Considering Schnittke, Artist of the Profound
Review by James R. Oestrich published 12 April 2000 in The New York Times.
It is tempting, if a bit grandiose, to think of Alfred Schnittke as a kind of Mahler for the 21st century. Like Mahler, Schnittke fashioned a distinctive individual voice from a free-ranging mix of disparate idioms: ”polystylistic,” he called his music.
And as with Mahler, Schnittke’s reputation should only grow as listeners discover the accessible depths of feeling beneath his complexities as well as his simplicities. His reputation is already large in Eastern Europe, as several panelists noted in a Schnittke discussion presented last Wednesday evening by the Lyric Chamber Music Society of New York.
”He is one of the greatest humanists who ever worked in the art of music,” the conductor Kurt Masur said. ”His music can have a bitter taste yet confront you with the truth of life, the tragedy of life, the poetry of life, the humor of life.”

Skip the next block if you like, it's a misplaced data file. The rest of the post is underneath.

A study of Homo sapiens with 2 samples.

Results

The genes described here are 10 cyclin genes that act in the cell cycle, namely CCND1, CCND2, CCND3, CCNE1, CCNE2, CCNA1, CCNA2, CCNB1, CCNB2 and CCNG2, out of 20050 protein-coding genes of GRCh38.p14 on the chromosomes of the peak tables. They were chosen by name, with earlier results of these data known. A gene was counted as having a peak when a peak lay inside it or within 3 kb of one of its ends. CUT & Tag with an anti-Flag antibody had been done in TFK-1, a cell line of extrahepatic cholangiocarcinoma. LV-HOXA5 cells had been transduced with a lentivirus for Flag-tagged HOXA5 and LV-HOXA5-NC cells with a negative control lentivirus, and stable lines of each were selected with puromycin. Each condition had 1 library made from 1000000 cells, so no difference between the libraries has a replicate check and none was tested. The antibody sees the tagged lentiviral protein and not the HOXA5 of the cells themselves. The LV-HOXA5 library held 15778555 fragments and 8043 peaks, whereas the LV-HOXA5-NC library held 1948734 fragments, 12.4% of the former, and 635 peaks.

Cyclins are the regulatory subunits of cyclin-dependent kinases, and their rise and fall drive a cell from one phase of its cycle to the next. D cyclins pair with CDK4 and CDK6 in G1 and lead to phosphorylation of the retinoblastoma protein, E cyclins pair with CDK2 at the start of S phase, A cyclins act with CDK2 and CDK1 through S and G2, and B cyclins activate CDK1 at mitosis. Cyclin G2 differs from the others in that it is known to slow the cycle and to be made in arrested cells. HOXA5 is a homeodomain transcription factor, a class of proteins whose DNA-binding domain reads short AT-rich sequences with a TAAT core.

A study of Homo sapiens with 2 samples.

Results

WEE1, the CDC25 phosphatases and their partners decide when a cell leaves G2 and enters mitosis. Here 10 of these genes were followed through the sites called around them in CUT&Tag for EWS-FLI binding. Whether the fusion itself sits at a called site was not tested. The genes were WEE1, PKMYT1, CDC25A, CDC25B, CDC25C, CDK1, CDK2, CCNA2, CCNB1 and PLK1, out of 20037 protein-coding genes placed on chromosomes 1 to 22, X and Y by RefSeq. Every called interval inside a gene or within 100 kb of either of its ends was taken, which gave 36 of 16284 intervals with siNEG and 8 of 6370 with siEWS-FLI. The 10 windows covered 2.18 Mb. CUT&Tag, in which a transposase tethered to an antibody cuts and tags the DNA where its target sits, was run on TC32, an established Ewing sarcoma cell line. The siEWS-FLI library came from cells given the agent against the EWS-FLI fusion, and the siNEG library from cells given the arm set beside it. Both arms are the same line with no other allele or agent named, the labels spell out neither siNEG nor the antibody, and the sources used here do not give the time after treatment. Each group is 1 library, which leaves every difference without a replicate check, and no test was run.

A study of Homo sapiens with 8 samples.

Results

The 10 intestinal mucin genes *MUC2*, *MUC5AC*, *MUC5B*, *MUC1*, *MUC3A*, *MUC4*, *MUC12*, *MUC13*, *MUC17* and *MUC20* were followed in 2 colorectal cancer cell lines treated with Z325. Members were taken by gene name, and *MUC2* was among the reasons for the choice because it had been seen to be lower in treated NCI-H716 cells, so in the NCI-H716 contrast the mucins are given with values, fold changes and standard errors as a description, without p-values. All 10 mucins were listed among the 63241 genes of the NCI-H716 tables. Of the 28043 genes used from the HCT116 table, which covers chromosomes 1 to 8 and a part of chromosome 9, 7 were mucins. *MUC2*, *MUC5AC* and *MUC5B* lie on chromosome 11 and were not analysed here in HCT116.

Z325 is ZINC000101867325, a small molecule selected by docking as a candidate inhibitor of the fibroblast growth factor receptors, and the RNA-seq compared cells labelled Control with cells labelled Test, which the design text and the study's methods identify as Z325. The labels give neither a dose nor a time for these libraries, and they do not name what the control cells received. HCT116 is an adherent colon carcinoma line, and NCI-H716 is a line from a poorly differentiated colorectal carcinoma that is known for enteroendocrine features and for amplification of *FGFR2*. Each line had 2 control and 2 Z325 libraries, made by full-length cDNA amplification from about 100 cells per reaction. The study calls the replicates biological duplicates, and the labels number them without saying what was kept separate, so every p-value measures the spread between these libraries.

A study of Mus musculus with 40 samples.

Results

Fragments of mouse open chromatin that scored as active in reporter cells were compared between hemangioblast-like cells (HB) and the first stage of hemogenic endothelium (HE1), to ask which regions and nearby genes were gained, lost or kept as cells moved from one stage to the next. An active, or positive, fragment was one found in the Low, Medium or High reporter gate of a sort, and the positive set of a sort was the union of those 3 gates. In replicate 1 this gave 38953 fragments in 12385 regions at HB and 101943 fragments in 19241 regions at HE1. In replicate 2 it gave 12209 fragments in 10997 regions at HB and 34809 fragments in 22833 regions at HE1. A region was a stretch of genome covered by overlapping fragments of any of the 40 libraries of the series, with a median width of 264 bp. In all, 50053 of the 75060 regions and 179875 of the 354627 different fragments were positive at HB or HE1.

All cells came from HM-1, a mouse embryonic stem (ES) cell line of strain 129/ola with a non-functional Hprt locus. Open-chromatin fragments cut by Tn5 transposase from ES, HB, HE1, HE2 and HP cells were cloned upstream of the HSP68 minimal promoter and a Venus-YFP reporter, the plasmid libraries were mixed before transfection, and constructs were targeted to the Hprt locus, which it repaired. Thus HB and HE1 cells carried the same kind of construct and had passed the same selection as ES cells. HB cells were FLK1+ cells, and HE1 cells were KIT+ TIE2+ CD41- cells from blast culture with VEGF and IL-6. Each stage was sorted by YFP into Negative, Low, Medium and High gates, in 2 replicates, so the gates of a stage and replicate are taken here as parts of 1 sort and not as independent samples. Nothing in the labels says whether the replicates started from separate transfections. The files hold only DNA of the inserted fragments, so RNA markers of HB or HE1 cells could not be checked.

As if to bear out those remarks, the Schnittke concert that followed included two of the composer’s profoundest creations: the Second String Quartet, one of his many works drawing on music of the Russian Orthodox Church; and the Piano Quintet, written to commemorate the death of his mother.
The Moscow String Quartet, for which the Second was written, gave thoroughly committed readings of both works. Tigran Alikhanov, a brother of the group’s first violinist, Eugenia Alikhanova, played the quintet’s piano part, rudimentary but, in the end, utterly uplifting.
The quartet also offered Schnittke’s ”Canon in Memoriam Igor Stravinsky,” and Ms. Alikhanova and Galina Kokhanovskaia, the second violinist, played ”Moz-Art,” both engagingly. With advocates like these, Schnittke stands to make his way in the world sooner rather than later.